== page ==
The cover of this week’s part shows the interior of the turbine house of the Metropolitan Borough of Hackney (London) Electricity Works. The subject is a 30,000-kilowatts turbine which was installed in 1932. At a speed of 3,0000 revolutions a minute, the turbine generates about 40,000 horse-power.
This chapter describes the various processes involved in the manufacture of glass. Glass-making has been carried out for more than three thousand years, and in Great Britain since the Roman occupation. The glass industry to-day affords one of the most interesting and spectacular displays that can be seen. Rivers of molten glass slowly change into streams of gleaming crystal and from tanks of the molten material great cylinders of shining glass rise majestically to as high as 50 feet above the ground. This is the fourth article in the series on the Romance of Industry.
All over Scotland with its mountains and valleys and rivers, lakes and sea lochs, there are road and railway bridges of outstanding interest. This chapter describes many of the important bridges in the Scottish Highlands. General Wade, the great Thomas Telford and Rennie in the eighteenth and early nineteenth centuries were responsible for many bridges which are still in use to-day. Of the more recent structures the Glenfinnan Viaduct and the Connel Ferry Bridge are outstanding examples of how the engineers have been able to span waterways and valleys to carry the railway and the road through mountain fastnesses. This is the eighth article in the series Linking the World’s Highways.
German engineers in 1934 completed a unique feat of engineering when the Niederfinow Barge Lift, on the Hohenzollern Canal, raised for the first time barges weighing 1,000 tons a vertical distance of 116 feet. This famous barge lift on the Hohenzollern Canal is described in this chapter. Work started on the scheme in 1926, and eight years later the Niederfinow Barge Lift was opened. The lift, it was estimated, would weigh more than 20,000 tons, and to take this weight the engineers were faced with building extremely solid and immovable foundations.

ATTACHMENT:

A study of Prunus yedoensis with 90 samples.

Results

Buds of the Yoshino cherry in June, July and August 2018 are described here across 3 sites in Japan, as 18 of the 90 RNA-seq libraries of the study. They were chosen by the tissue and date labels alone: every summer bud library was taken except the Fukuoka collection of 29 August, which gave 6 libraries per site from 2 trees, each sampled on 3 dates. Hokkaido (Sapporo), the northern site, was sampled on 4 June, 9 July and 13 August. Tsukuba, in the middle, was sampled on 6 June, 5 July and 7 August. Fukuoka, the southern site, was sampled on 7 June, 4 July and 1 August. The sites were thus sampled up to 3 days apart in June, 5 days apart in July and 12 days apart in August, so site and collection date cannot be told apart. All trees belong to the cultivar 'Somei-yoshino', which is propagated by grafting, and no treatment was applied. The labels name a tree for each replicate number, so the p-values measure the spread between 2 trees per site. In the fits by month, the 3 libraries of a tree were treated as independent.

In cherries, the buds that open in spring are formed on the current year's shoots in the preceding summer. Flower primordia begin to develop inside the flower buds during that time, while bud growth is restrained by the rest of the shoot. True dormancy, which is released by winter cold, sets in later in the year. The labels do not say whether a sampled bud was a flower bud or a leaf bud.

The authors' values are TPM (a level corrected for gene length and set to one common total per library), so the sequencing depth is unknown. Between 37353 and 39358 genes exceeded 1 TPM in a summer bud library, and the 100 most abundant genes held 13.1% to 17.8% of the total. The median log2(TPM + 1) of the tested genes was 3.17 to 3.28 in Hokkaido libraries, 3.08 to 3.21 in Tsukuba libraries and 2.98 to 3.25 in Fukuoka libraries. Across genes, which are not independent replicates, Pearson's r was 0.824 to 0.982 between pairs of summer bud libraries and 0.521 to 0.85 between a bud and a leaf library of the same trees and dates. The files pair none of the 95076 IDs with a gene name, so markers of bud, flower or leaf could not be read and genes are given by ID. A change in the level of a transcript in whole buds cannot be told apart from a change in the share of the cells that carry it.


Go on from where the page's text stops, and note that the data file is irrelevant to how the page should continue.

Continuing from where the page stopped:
Since the coming of the petrol engine the plough, the harrow or the harvesting machine is attached directly to a tractor which has the same degree of mobility as the horse. The tractor described in this chapter will do the work of eight to twelve horses, according to the nature of the ground, the “rated” drawbar pull being 13.5 horse-power. This is the twelfth article in the series on Modern Engineering Practice.
Developed from the motor car engine of thirty years ago, the aircraft engine of to-day is a miracle of efficiency and compactness. For high-powered engines the water-cooled “V” type is rivalled by the air-cooled radial type; for smaller engines the air-cooled “in line” arrangement is popular. This chapter describes the evolution of the aircraft engine over more than thirty years.
AN AIRCRAFT ENGINE BEING TESTED at the Royal Aircraft Establishment, Farnborough, Hants. The engine is set on a frame in front of an enormous wind tunnel specially designed for the testing of aircraft equipment. The tunnel is built of steel and reinforced concrete and is capable of dealing with aircraft having a span of up to 56 feet. Air is driven through the tunnel by a fan with a diameter of 30 feet.
This colour plate previously appeared as the cover design for part 18.
Although he could write only with difficulty because of his lack of education, James Brindley was a man of genius in mechanical affairs. To him Great Britain owed the complex system of canals which contributed so much to the growth of industry. This is the eighth article in the series on Makers of Engineering History.
The remarkable interior of the vast Australian continent is even yet to a considerable extent undeveloped. In the wake of explorers, however, engineers have laid a north-south telegraph line and an east-west transcontinental railway. This chapter is concluded in part 22.